Corruption: Inquiry into the slaying of a Mexican city councilwoman might lead to a cleanup of local government.

April 13, 2002|CHRIS KRAUL | TIMES STAFF WRITER

ATIZAPAN, Mexico — When she joined the city council in August 2000, Maria de los Angeles Tames already suspected that her hometown was corrupt. But her parents and prosecutors say she had no idea the corruption was so pervasive--or that it would one day kill her.

The 27-year-old attorney, the politically mature daughter of a former federal senator from the National Action Party, didn't plan to be a crusader in this Mexico City suburb, her parents said. She just wanted to make a difference.

But Tames uncovered indications of corruption in the city government and police beyond anything she imagined. And the evidence led her to suspect Mayor Juan Antonio Dominguez.

She found evidence that bidding for city contracts was rigged, that building permits were sold illicitly and that bars were paying police up to $40,000 a year to ignore underage drinking, drug dealing and prostitution.

City administrators and police ignored the council's votes, including one to halt construction of a beer warehouse in a residential zone.

"She was more outraged than surprised when she learned of the corruption," says her father, Pedro Tames, a former city administrator who is now an executive at the Notimex news agency.

Rather than look the other way, Tames became what other council members described as the "reformist leader" on the council, while gathering evidence that she told her family she would one day present to prosecutors.

She never made it. On Sept. 5, 2001, about a week before she planned to resign and go to prosecutors, she was shot five times with a high-caliber weapon on the doorstep of her home. Investigators say the evidence she collected led them to her suspected killers. It could end up achieving her main goal: cleaning up city hall.

This week, Dominguez and his former personal secretary, Daniel Garcia, were charged with murder, extortion and fraud. They are in jail awaiting trial. Four other suspects are under house arrest. Another five remain at large, including four other members of the Garcia family, which prosecutors describe as a city hall "mafia," and the alleged triggerman.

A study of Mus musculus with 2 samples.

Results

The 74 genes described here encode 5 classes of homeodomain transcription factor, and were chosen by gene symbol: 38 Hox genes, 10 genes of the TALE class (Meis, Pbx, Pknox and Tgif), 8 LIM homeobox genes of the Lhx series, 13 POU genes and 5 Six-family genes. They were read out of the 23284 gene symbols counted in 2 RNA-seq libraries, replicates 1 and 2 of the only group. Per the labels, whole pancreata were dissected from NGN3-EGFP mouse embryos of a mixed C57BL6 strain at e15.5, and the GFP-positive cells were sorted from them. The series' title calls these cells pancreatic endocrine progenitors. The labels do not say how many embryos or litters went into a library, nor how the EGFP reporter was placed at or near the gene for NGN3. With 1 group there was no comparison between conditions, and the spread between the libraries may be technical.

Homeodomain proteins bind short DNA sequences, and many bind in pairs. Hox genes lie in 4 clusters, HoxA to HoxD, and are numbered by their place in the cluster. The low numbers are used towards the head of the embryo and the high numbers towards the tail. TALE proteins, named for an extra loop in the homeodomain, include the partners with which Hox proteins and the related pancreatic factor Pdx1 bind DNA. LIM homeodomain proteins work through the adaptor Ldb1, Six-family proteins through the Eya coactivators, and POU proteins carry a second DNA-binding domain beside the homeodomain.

Prosecutors say their seven-month investigation confirms Tames' suspicions. Though no one has been convicted, the investigation also suggests how elected officials can bleed a city dry, and why it's no accident that urban development in Mexico is so helter skelter.

Despite the arrests, many close to the case fear that the violence isn't over. Two other city council members, Virginia Ruiz and Claudia Gutierrez, the city's human rights coordinator and prosecutors working on the case all have been threatened.

Tames had been active in politics since she was a teenager. After going to law school, she told her parents that someday she wanted to be elected to the federal chamber of deputies. Tames' interest in politics was heightened by serving as an aide to her mother, Evangelina Perez Zaragoza, during her year in the Senate.

Tames' mother said in an interview Thursday that her daughter started seeing trouble signs three months after joining the city council.

The first indication was the city's direct purchase of $220,000 in heavy machinery, which should have been put out for bid. Investigators say the seller was a construction company that helped the mayor pay off his mortgage.

That led Tames to dig deeper into the city's contracting practices. Investigators who spoke on condition of anonymity because of fears for their safety said the winning bidders were usually cronies or relatives of Dominguez or Garcia.

Tames tried calling up or visiting the businesses that were listed as losing bidders on city contracts, often finding that they didn't exist or that the addresses were those of billiard parlors or private residences. Some construction projects had special permits that had been approved by Garcia and were not to be blocked, the investigators said.

Then there were the many mysterious nighttime flights at the Atizapan municipal airport that investigators think might have been used to transport drugs. The airport's flight records have disappeared.

Tames and other council members got Garcia fired in January 2001. But her insistence that other Garcia family members in city hall also be fired fell on deaf ears. Meanwhile, Garcia became a bitter enemy.

At some point, her father said she began to sense her conversations were being recorded because the mayor repeated specific words and phrases back to her in conversation.

Earlier this year, investigators found a wiretap operation in a building a few yards from city hall.

"My daughter told me she knew it was going on when the day after a telephone conversation in which another city councilwoman called the mayor's wife a fool, the mayor called her to say that one thing he wouldn't tolerate was disrespect toward his wife," said Pedro Tames.

Two weeks before she was killed, Tames met the mayor at a restaurant in an adjacent Mexico City suburb, and the mayor asked her to stop criticizing him in council meetings. According to her father, she told him she would stop as soon as he gave her reason to stop.

Although she never felt her life was in danger, she had decided to quit the council and go to prosecutors with the evidence she had.

"She wanted to put these people in jail," Pedro Tames said.

Shortly after 8 p.m. on Sept. 5, as she was opening the gate to her parents' home, the councilwoman was shot five times by a gunman who prosecutors charge was hired by Daniel Garcia's brother, Isaias. Four of those shots were in the back, all from a distance of three feet or less. Her body was found by her mother.